Community Liaison Officer, Melton Secondary College, Melbourne
Bachelor of Health Science in Health Promotion
Diploma in English Language
Certificate in English for Academic Study
Certificate in English Language
He loves working with communities and youth, says AUT health promotion alumnus Robert Aduer Ring.
“As a community liaison officer for Melton Secondary College in Melbourne, I work with the community and students to provide support by liaising with service providers and with teachers.
“I value my work hugely. It connects me with young people to help them with their aspirations and ambitions, while working closely with families and agencies that address community needs through capacity building. I can inspire people and be inspired.”
In addition to his work, Robert is also part of a number of community groups and organisations, including an African community working group, the Regional Advisory Council for the Victoria Multicultural Commission and the African-Australian Taskforce. He says he is passionate about community engagement initiatives.
“I’m actively involved in various community initiatives and engagements through volunteering engagements and advocacy. I was honoured to be nominated in the Citizen of the Year category in the 2018 City of Melton Council Community Achievement Award.”
The bigger picture
He has always been passionate about health, says Robert.
“My mother worked for Doctors Without Borders, and I initially wanted to be a medical doctor like her. Watching her improve the community’s health through education, preventive and curative medicine, as well as the medical aspects of her role, made me realise how crucial community engagement and capacity building is.
“Studying health at AUT gave me the opportunity to share some of the lectures with students who are studying nursing, paramedicine, psychology and other disciplines. It was a great interdisciplinary learning process, and I enjoyed sharing classes with students from all walks of lives.”
Having realised the importance of a holistic approach to health, Robert focused on community engagement throughout his studies.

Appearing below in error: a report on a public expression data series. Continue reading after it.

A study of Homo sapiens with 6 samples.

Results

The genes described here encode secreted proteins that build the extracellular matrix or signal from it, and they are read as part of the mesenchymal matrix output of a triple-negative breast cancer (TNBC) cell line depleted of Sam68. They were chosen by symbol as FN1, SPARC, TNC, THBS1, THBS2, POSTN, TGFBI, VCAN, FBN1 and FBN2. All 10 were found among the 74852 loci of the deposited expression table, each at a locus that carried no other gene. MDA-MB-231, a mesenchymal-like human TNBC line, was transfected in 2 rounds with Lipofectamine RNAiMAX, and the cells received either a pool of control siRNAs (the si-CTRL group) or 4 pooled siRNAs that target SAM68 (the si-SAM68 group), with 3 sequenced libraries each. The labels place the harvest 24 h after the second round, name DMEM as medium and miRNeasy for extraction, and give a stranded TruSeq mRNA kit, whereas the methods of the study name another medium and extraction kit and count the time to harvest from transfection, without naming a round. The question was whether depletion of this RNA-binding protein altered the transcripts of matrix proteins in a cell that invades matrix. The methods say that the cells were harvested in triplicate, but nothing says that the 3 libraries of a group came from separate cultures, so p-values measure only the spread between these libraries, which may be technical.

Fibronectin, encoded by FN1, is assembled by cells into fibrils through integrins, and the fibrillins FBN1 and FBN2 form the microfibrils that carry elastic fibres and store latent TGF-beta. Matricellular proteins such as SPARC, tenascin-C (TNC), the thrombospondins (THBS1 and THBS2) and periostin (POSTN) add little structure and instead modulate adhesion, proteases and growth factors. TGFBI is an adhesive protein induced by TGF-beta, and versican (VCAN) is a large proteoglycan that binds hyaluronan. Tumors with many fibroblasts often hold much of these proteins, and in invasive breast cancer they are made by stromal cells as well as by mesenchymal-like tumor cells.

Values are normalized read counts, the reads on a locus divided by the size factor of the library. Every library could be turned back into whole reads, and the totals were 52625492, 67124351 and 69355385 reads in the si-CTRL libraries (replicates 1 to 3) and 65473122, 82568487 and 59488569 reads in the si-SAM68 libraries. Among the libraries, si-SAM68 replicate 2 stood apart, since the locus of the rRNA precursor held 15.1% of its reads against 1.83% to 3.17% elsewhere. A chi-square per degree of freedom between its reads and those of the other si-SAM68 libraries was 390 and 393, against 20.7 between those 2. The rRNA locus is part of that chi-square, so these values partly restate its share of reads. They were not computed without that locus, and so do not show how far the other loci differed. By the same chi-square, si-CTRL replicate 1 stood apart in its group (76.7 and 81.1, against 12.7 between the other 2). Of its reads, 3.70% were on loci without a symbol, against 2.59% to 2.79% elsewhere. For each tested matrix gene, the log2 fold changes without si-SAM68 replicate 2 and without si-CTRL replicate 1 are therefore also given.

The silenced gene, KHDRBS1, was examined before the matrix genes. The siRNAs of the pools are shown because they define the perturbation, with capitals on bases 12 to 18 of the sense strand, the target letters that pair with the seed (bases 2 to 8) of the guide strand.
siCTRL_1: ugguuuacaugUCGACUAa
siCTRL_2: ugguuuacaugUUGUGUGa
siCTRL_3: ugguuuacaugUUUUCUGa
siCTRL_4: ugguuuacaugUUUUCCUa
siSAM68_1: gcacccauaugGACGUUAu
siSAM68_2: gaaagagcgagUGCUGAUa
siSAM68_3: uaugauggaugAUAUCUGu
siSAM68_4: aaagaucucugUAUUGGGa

“Community engagement and capacity building was a focus during my time at AUT. For example, I was one of the co-founders of the AUT African Students Club. We wanted to showcase the unique cultures in Africa, and promote cultural awareness and African diversity. With AUT’s support, we achieved our outcomes through a number of cultural events and workshops.”
The journey to success
Robert was first introduced to AUT in 2004, when he arrived in New Zealand as a refugee from South Sudan.
“When I came to New Zealand, I arrived at the Mangere Resettlement Centre where AUT offers pathways to newly arrived and resettled refugees. Many refugees who had their education interrupted by civil war use these programmes to prepare themselves before pursuing a career in New Zealand.
“I studied English language programmes at the AUT North Campus to build my academic strength and set the foundation for my career. These courses were a huge part of my success as they helped me start the journey towards completing my goals; a journey that had been interrupted by war and migrating from country to country.”
There were many highlights throughout his time at AUT, Robert says.
“I received incredible support from university staff, my fellow students and colleagues. I shared classes with different people, which shaped and inspired me. I’m also grateful for the skills and training I gained from working as a student mentor and at AUT’s Student Hub. I also have to thank Associate Professor Ineke Crezee for motivating me to do a short course in interpreting, which helped me secure interpreting opportunities when I first moved to Melbourne.”